Like last year, the folks at Bosch Rexroth were kind enough to make their CEO and chairman, Dr. Karl Tragl, available to me at a recent tradeshow. Also like last year, I was impressed with the open and honest nature of the discussion that Dr. Tragl would have with me.
Dr. Karl Tragl
I asked him lots of questions, and what follows is the summary of that discussion.
As I reported last month, the Industrial Internet of Things (IIoT) has hit the multinational manufacturing market in a very big way. Hence, I was curious about Dr. Tragl's take of this sweeping phenomenon.
Bosch Rexroth is clearly into Connected Industry (the term he prefers), Industry 4.0, IIoT, or whatever you call it. In fact, Bosch Rexroth is one of the few companies that can walk the walk. By this, I mean that it actually employs these concepts in its own factories. Most of the suppliers just offer one portion of the design chain, but making its products requires Bosch Rexroth to implement just about every piece.
I asked about the company's ability to write software, since this is becoming a competitive advantage for many vendors. Though software is one of its core competencies, Dr. Tragl said, it partners with lots of third parties in this area.
I asked, "What was the biggest thing that happened in the manufacturing space in the last 12 months?" He replied, "The Connected Industry phenomenon."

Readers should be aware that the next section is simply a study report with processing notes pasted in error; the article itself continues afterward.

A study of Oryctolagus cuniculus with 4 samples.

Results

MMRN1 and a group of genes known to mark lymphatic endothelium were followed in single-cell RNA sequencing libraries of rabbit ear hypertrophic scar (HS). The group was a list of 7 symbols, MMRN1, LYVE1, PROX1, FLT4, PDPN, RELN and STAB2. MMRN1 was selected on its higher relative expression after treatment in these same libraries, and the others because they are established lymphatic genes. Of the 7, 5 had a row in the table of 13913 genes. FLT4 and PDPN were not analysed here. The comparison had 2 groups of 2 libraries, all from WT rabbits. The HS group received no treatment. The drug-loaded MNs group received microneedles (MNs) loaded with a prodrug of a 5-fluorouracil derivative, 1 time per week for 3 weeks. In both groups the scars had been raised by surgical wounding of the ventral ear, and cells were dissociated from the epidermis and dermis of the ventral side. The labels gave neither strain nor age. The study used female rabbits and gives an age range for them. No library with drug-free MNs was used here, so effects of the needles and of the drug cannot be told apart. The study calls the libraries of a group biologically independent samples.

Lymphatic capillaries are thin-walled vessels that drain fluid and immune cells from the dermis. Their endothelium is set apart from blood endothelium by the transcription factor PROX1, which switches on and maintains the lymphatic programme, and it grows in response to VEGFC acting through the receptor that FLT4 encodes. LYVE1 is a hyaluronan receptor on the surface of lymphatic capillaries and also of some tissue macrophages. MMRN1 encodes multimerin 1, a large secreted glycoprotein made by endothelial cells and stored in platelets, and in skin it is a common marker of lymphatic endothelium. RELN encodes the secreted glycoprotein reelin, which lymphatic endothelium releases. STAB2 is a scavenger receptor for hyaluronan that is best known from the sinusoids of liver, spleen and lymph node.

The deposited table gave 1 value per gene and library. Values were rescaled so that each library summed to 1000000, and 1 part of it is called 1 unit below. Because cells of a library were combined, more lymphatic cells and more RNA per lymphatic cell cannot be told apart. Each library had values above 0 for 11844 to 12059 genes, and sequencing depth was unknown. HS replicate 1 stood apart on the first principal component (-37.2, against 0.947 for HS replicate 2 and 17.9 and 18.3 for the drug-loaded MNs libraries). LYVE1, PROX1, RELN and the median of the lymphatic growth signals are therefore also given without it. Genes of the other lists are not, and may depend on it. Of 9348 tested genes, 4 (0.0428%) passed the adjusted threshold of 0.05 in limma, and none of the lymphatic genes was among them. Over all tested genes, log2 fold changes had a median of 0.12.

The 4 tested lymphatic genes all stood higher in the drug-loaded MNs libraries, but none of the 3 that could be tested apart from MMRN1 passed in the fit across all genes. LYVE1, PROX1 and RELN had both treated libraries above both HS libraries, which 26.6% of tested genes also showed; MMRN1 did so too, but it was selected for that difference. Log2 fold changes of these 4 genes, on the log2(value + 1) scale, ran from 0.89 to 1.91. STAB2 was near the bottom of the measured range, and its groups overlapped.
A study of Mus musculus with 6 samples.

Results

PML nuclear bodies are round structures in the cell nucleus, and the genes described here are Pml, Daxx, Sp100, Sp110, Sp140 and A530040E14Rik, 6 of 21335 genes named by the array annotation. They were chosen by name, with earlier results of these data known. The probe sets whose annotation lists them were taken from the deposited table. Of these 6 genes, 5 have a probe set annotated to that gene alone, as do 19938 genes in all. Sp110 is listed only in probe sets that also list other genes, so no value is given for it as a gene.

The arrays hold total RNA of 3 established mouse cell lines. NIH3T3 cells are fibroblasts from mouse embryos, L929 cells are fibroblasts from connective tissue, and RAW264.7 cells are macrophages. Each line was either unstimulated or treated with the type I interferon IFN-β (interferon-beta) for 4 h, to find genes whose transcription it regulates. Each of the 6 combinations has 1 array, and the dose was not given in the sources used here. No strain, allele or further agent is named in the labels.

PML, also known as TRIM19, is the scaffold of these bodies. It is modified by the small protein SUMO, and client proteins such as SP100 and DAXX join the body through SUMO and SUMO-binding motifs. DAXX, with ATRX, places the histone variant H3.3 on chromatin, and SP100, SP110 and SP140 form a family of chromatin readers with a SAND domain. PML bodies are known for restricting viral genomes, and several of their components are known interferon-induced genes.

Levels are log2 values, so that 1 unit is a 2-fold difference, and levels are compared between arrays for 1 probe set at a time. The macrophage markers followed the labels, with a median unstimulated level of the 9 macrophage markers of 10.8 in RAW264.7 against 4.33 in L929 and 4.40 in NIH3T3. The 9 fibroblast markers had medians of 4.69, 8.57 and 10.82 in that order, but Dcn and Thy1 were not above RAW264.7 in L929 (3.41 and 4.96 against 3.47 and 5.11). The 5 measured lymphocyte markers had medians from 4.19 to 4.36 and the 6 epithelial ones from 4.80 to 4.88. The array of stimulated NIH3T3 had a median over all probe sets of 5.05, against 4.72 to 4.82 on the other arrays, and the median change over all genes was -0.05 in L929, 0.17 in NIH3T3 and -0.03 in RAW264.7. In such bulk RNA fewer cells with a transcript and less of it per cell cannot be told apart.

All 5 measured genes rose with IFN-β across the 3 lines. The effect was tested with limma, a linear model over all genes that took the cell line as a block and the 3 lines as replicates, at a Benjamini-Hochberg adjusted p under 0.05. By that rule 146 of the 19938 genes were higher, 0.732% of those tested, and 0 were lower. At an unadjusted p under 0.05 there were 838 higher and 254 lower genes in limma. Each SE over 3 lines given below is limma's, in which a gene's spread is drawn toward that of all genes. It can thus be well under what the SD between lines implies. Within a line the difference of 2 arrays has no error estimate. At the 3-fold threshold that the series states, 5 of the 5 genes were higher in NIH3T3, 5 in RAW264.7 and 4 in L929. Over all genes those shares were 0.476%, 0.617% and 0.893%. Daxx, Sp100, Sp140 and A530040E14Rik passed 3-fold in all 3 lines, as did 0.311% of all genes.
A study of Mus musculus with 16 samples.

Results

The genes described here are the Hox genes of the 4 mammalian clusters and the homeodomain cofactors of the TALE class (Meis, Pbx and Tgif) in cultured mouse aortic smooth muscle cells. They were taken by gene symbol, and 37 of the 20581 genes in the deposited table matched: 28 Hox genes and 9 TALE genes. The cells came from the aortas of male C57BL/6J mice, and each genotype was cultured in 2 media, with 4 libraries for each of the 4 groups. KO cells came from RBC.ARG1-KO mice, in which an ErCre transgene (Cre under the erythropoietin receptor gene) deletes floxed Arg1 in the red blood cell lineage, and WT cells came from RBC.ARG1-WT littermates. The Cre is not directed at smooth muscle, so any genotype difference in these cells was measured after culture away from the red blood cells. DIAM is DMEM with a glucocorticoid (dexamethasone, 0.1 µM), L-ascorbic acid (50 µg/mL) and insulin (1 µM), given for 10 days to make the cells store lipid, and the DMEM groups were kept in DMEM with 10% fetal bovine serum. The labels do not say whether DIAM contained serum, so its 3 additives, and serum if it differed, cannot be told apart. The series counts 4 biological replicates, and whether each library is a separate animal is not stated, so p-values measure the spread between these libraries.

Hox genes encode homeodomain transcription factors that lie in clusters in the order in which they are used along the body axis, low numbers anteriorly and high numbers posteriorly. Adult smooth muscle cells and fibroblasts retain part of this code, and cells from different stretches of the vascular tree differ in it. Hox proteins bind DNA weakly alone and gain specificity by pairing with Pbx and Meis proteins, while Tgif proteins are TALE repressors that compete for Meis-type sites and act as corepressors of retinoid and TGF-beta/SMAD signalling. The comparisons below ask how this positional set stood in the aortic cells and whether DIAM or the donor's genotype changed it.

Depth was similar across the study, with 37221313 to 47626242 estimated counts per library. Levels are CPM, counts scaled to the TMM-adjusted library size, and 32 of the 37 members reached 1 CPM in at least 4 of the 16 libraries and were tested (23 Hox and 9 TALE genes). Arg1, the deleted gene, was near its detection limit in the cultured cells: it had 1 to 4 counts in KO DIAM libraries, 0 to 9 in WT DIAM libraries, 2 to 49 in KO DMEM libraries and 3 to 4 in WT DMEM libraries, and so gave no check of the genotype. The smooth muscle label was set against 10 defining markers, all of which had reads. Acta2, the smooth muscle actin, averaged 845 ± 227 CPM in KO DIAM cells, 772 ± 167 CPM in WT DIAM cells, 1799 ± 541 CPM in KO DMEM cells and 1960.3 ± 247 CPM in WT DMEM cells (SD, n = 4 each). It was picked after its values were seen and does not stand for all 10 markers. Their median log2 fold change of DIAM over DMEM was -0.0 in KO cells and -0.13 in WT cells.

I was interested (and a little surprised) to learn that Bosch Rexroth engages in what Dr. Tragl called "scouting projects." Some of these projects see the light of day. Some do not. "But it's important to encourage and fund these projects, because it's where many of our best ideas come from." The company also encourages university students to work there, because these students have some great ideas. "It also helps us find some great people to work for us."
Finally, Dr. Tragl wanted to be sure I was aware of a video (below) that showed Bosch Rexroth employed in what could be termed an "extreme application."
With its partner Allseas Group, Bosch Rexroth developed and engineered the drive and control system used in what it calls the world's largest mobile lifting mechanism for offshore installations. The special vessel equipped with this topside lifting system (TLS) can lift and transport topsides of offshore platforms with a weight of up to 48,000 tons -- in one piece. That's quite a load, if I say so myself.
I'm already looking forward to next year.